Domino’s Loses Appeal in Sexual Harassment Case

The bill for Domino’s Pizza is $237,000 plus attorney fees now that the Supreme Court has let stand a sex-harassment award won by a former pizza shop manager from Florida.

The justices, without comment, rejected an appeal in which Domino’s argued that it was wrongly held legally responsible for the harassment David Papa received from his boss, area supervisor Beth Carrier.

The nation’s highest court already is studying a case from Boca Raton in which it is expected to clarify when employers may be held responsible for the misconduct of an employee’s supervisor. But Clinton administration lawyers told the justices that Papa’s victory would not be affected by the outcome of that case.

According to lower court rulings, Papa was managing a Domino’s shop in Port Richey in 1988 when Carrier began harassing him – touching him in inappropriate ways and inviting him to live with her.

When Papa eventually threatened to report her conduct, Carrier told Papa she would “get” him. She fired him six days later.

Papa and the Federal Equal Employment Opportunity Commission sued Domino’s, alleging that the company had violated a federal anti-bias law that bans on-the-job sexual harassment.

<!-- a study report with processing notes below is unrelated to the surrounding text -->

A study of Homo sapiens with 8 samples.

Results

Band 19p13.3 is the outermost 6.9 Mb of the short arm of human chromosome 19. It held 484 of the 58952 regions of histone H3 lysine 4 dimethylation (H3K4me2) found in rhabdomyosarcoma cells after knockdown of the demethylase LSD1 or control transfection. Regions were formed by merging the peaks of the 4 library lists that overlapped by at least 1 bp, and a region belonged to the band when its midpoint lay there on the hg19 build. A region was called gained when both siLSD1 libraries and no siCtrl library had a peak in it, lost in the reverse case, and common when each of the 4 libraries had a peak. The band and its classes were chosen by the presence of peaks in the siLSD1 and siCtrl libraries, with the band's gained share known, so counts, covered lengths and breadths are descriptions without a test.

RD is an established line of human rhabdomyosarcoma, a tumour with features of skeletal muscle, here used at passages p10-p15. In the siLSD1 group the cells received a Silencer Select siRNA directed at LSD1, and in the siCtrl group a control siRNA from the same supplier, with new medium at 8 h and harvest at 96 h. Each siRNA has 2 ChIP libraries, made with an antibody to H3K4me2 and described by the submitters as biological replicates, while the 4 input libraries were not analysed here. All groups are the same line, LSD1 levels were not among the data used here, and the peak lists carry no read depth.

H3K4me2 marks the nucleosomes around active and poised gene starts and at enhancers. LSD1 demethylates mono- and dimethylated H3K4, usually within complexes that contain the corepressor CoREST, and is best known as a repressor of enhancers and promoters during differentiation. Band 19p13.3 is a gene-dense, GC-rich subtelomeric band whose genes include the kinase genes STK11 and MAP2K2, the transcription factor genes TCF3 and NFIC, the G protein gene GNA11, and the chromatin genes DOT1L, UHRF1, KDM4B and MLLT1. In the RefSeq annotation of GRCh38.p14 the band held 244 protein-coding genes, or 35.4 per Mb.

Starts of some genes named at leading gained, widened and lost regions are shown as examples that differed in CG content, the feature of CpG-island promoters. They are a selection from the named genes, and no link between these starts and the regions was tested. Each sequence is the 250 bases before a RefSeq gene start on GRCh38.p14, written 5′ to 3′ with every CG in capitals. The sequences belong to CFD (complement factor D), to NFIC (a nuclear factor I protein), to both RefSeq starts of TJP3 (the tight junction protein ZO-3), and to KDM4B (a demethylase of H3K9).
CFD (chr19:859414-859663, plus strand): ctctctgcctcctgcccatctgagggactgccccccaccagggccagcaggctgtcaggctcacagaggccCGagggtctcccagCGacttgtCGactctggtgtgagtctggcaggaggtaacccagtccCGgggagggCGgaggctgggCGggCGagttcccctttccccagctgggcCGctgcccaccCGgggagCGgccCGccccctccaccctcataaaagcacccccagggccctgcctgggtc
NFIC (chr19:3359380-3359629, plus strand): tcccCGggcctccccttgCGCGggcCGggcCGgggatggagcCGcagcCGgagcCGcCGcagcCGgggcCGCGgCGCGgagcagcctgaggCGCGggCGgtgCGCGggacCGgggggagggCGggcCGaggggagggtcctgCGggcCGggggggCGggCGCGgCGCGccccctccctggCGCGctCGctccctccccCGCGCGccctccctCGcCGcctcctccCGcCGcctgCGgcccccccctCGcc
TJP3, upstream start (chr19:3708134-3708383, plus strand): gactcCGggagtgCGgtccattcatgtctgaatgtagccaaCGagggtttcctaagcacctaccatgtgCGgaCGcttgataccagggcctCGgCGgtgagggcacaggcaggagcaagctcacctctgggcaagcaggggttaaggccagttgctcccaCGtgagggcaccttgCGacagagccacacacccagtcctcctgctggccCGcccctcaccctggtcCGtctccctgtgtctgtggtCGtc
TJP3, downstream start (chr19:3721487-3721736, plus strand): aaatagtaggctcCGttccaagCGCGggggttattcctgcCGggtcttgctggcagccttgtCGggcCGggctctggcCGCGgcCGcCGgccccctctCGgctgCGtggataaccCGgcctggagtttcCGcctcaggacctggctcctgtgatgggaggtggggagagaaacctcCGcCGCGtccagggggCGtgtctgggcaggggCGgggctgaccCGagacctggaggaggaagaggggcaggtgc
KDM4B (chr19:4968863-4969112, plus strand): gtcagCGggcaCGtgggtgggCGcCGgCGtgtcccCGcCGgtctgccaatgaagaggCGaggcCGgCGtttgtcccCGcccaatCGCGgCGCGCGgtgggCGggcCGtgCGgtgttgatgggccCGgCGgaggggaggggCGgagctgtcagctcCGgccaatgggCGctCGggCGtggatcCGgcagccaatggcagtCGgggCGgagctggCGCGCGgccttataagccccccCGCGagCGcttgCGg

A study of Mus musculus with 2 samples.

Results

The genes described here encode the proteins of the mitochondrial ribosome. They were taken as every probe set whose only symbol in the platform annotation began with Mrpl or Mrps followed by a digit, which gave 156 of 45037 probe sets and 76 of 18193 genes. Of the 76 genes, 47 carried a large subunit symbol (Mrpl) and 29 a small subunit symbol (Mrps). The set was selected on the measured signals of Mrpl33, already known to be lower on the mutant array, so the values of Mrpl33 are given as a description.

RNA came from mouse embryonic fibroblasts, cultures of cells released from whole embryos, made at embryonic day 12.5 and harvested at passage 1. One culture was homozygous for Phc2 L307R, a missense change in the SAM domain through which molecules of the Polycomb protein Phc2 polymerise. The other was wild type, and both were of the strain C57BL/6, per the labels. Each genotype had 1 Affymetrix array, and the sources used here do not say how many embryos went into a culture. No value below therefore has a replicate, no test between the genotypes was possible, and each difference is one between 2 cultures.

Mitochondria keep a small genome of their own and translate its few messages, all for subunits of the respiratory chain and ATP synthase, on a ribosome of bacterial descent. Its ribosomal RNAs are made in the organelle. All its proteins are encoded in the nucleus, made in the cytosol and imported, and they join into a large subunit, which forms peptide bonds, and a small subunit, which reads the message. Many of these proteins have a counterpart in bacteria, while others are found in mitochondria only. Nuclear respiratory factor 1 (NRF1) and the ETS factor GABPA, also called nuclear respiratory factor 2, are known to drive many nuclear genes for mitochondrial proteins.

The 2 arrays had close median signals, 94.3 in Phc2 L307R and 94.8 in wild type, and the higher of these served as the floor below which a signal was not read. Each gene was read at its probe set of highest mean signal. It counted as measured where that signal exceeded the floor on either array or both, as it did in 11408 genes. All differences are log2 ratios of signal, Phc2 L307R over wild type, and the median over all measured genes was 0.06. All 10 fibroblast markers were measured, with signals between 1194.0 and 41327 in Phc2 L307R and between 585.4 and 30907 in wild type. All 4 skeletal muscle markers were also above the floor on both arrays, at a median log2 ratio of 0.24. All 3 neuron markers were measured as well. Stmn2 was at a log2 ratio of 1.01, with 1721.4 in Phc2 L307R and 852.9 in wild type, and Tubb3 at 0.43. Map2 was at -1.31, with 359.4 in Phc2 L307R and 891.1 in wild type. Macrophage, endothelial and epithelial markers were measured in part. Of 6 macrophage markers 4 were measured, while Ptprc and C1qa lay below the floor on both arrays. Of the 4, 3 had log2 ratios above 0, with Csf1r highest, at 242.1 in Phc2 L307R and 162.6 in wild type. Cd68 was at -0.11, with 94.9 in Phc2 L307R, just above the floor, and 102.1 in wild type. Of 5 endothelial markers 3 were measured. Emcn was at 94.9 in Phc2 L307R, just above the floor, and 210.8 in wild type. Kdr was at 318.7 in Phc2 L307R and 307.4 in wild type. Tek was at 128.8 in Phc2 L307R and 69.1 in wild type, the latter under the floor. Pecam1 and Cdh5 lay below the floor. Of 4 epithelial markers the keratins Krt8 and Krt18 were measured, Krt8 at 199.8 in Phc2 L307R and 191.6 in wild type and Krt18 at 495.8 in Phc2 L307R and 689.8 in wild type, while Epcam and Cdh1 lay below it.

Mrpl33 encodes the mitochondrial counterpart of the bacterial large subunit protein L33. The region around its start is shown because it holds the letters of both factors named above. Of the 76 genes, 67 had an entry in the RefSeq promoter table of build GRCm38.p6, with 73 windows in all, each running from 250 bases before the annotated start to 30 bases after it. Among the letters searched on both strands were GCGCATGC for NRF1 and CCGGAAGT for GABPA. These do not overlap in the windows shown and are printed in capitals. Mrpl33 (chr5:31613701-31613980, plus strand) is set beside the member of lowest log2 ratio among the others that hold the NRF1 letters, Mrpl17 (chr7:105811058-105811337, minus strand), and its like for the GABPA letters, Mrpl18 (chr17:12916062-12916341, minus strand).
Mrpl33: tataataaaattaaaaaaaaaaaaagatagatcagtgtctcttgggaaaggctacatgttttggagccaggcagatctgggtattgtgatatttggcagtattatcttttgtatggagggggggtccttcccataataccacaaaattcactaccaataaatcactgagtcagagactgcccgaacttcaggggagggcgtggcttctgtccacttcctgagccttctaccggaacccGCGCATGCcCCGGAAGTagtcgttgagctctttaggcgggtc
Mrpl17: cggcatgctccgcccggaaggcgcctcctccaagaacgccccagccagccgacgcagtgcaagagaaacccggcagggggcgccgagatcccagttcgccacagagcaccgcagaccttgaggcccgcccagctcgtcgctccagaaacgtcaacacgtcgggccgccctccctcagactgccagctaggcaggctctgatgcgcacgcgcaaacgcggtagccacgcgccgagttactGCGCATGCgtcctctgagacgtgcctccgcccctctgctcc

A federal trial court ruled in 1995 that Domino’s could be held responsible for the hostile work environment Papa worked in. It also ruled that Papa, who had since moved to Deltona, was the target of illegal retailation and had suffered what lawyers call “quid pro quo harassment” because his rejection of Carrier’s sexual advances resulted in his firing.

The trial court awarded him $237,257.52 in back pay and ordered Domino’s to post a written sexual harassment policy in each of its shops across the nation for two years. Domino’s also was ordered to pay the lawyers fees Papa had incurred.

The 11th U.S. Circuit Court of Appeals upheld the trial court ruling last April.